The confidence on the forecast through Thanksgiving is good with no major impacts to be concerned with for the state. How Black Friday and the rest of the weekend plays out is still to be determined with a wide variance of ensemble model solutions that I will touch on.
Warm front advances north, cold front passes overnight
Monday Noon to Tuesday 6 AM - Clouds increase over the region as a warm front noses to the north and a cold front passes through overnight. Snow showers are possible along the Quebec border region on up into the rooftop of the state during the afternoon into the night. Snow squall potential is possible over the western mountains and foothills in the wee hours of Tuesday morning.
Well below normal high temperatures are on tap again with a wind chill that makes feel around 10° cooler than that. Expect the wind to shift to the northwest in the wee hours of Tuesday and expect another bitter cold start.
Tuesday appears to be mainly void of precipitation chances and sees the morning arctic breeze diminish and bring slightly warmer temperatures in for the day, but still seasonably cool.
A zonal flow sets up and brings a weak disturbance in for Wednesday which brings the risk of snow showers for the mountains and north.
Thanksgiving appears to be mainly sunny and cool as high pressure controls the day.
Late week storms ideas scattered
It's kind of bizarre to see such a wide spread of forecast ideas in the day 5 outlook, but to prove the point that the outlook from Black Friday onward is a bit of a toss-up, I present the ideas that are on the table by the big three ensemble ideas that I rely on to formulate an outlook.
The GFS ensemble idea is about the least interested of anything significant of the three. An upper-low over Texas cuts off the influence of the southern jet, thus cuts off a moisture stream to the northeast. The end result is flurries and snow showers for the north, a bit of a breeze, and not much else.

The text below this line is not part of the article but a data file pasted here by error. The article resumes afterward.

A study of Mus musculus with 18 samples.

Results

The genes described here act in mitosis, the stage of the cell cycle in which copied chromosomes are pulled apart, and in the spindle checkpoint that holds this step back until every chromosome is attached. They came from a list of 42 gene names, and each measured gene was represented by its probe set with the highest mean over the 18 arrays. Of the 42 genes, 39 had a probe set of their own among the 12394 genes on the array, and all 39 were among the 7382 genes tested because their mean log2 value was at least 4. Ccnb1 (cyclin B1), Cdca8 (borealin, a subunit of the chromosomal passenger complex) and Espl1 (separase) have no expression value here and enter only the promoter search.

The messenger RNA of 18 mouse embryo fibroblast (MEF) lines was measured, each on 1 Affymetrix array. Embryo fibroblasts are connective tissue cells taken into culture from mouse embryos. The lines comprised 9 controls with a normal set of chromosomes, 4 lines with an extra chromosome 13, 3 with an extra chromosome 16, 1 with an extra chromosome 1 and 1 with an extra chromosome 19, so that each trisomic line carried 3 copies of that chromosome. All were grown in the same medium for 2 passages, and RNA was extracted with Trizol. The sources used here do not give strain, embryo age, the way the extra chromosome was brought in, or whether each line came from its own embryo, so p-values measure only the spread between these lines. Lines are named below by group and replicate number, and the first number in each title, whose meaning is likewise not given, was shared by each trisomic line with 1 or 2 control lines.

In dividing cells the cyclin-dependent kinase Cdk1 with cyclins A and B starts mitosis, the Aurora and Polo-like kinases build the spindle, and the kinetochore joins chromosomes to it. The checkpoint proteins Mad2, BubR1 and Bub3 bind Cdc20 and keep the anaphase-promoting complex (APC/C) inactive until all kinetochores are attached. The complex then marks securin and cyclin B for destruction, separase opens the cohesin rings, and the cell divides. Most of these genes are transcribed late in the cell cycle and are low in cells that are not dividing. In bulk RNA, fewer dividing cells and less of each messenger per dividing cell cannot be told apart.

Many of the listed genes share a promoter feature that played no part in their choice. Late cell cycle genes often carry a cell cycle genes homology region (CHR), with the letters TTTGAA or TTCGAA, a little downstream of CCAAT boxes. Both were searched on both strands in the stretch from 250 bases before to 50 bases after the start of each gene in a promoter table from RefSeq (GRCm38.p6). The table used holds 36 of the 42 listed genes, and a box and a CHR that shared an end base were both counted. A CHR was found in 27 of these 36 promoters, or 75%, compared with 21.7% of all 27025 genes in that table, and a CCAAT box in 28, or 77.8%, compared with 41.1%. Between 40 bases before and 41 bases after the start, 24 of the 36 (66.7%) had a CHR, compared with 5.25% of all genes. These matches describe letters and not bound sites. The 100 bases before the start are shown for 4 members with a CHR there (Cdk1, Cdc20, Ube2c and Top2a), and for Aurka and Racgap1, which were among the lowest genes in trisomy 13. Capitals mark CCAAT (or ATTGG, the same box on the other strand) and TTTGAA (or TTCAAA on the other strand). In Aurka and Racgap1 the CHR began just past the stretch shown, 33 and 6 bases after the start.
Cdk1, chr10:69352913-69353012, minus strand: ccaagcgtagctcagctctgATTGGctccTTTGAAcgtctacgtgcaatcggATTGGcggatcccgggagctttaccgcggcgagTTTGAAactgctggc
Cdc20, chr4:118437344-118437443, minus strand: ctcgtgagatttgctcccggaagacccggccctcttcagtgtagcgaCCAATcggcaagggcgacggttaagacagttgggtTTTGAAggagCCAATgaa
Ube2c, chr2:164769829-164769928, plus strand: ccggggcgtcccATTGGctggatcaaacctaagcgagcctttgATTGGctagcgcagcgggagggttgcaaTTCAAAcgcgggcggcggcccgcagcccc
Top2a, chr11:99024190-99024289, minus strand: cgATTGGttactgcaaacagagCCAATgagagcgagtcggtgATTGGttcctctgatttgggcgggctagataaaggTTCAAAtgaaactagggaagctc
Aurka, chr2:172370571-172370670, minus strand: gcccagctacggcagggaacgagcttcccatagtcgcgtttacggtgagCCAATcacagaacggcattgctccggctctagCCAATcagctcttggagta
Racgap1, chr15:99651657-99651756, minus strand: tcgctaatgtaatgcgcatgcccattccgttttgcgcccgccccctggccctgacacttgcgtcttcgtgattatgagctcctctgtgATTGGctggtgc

The Canadian ensemble idea has the upper low elongated and digs to the south enough to pick up Gulf moisture, but the phasing of the north and south streams occurs late, allowing for moisture to stay suppressed to the south. An ocean storm forms well to the southeast away from the area. The end result is similar to the GFS and that is snow showers and flurries for the north and not much else.
The European ensemble idea does not have the upper-low idea, but instead has a digging trough over the Midwest that allows upper-level flow to dig south to pick up Gulf moisture and transport it to the northeast. This is a stormier solution, and one that could bring some impacts.
Taking it a step further and looking at individual ensemble ideas, one can easily see how widespread the solutions are. Roughly 60% of the European ensemble ideas favor a wetter outcome, whether that be an all-rain event or a heavy wet snow for the mountains and north with rain for the coastal plain with perhaps some mixing over the foothills.
It's a fair bet that the area will get some sort of a storm out of this, but given the spread of ideas, there is not enough confidence to get into over impacts, precipitation type and specifics. For those traveling, it would be wise to plan some storm activity Friday and Saturday for now, with the outcome to be determined.